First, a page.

This urge stems from the unpleasant sensations such as burning, creeping or tugging in the legs and the movements are being made to relieve these feelings. These sensations are medically known as paresthesia (abnormal sensations) or dysesthesias (unpleasant abnormal sensations) and they range in severity from mildly uncomfortable to irritating or painful. The most unusual aspect of the condition is that lying down and trying to relax activates the symptoms. As a result, most people with RLS have difficulty falling asleep and staying asleep. It represent a very serious condition because many people with RLS report that their job, personal relations, and daily activities are strongly affected as a result of their exhaustion. 

Incidence

Some researchers estimate that RLS affects as many as 12 million Americans. There might be a lot more affected people but this condition is often under-diagnosed or in some cases, misdiagnosed. It is often confused with nervousness, insomnia, stress, arthritis, muscle cramps, or aging. Big problem is that RLS occurs in both genders, although the incidence may be slightly higher in women. It can begin at any age, even as early as infancy- but most patients are middle-aged or older.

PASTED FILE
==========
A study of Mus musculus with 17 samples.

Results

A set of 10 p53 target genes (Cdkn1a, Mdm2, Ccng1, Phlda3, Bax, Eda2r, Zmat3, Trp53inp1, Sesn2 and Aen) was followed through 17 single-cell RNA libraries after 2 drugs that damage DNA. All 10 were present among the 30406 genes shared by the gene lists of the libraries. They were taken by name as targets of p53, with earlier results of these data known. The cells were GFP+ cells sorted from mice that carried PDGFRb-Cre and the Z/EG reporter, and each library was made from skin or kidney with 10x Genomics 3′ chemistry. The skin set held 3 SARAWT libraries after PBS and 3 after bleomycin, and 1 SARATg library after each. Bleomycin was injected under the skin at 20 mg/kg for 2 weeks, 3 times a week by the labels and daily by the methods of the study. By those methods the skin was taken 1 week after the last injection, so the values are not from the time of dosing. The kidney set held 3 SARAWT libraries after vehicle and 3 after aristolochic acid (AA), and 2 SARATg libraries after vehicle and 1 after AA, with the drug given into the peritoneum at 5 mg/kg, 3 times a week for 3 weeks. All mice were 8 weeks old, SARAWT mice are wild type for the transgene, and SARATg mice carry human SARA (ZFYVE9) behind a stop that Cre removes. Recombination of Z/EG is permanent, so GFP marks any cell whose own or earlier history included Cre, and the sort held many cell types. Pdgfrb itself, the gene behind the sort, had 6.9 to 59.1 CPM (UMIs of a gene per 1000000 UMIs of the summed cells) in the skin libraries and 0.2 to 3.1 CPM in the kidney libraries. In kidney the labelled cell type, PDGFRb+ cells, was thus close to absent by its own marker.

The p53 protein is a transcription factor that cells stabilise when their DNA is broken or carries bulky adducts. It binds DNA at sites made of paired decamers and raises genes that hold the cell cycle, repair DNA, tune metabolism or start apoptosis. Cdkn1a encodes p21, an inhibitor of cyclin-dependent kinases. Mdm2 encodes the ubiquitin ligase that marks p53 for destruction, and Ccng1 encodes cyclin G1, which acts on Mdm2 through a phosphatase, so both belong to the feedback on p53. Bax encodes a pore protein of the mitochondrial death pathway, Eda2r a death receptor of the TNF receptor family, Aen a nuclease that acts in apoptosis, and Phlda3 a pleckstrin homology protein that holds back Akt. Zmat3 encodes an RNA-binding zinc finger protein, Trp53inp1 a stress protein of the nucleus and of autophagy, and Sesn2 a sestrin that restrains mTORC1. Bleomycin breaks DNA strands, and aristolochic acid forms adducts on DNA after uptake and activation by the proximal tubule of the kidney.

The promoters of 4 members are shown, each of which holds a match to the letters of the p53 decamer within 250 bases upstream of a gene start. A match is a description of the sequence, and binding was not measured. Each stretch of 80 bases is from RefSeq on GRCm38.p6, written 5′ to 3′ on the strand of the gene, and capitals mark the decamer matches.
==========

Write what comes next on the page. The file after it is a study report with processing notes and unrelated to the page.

Restless Legs Syndrome and Periodic Limb Movement Disorder

Several researches have proven that more than 80 percent of people with RLS also experience a more common condition known as periodic limb movement disorder (PLMD). PLMD is characterized by involuntary leg twitching or jerking movements during sleep that typically occur every 10 to 60 seconds, sometimes throughout the night.

Unlike RLS, the movements caused by PLMD are involuntary. Although many patients with RLS also develop PLMD, most people with PLMD do not experience RLS.  

Signs and symptoms

Common signs and symptoms include:

Origination during inactivity
The most common characteristic is that the sensation typically begins while the patient is lying down or sitting for an extended period of time. This usually happens in a car, airplane or cinema.

Relief by movement
The sensation of RLS lessens if the patient gets up and moves. Different patients do different stuff to relieve their symptoms. Some fight against these sensations by stretching, jiggling their legs, pacing the floor, some by exercising or walking. 

Worsening of symptoms in the evening
The symptoms are typically less bothersome during the day and are felt primarily at night.

Nighttime leg twitching
Most patients with RLS find it difficult to get to sleep or stay asleep because of the twitching or kicking that occurs. The results are well known - insomnia leading to excessive daytime drowsiness.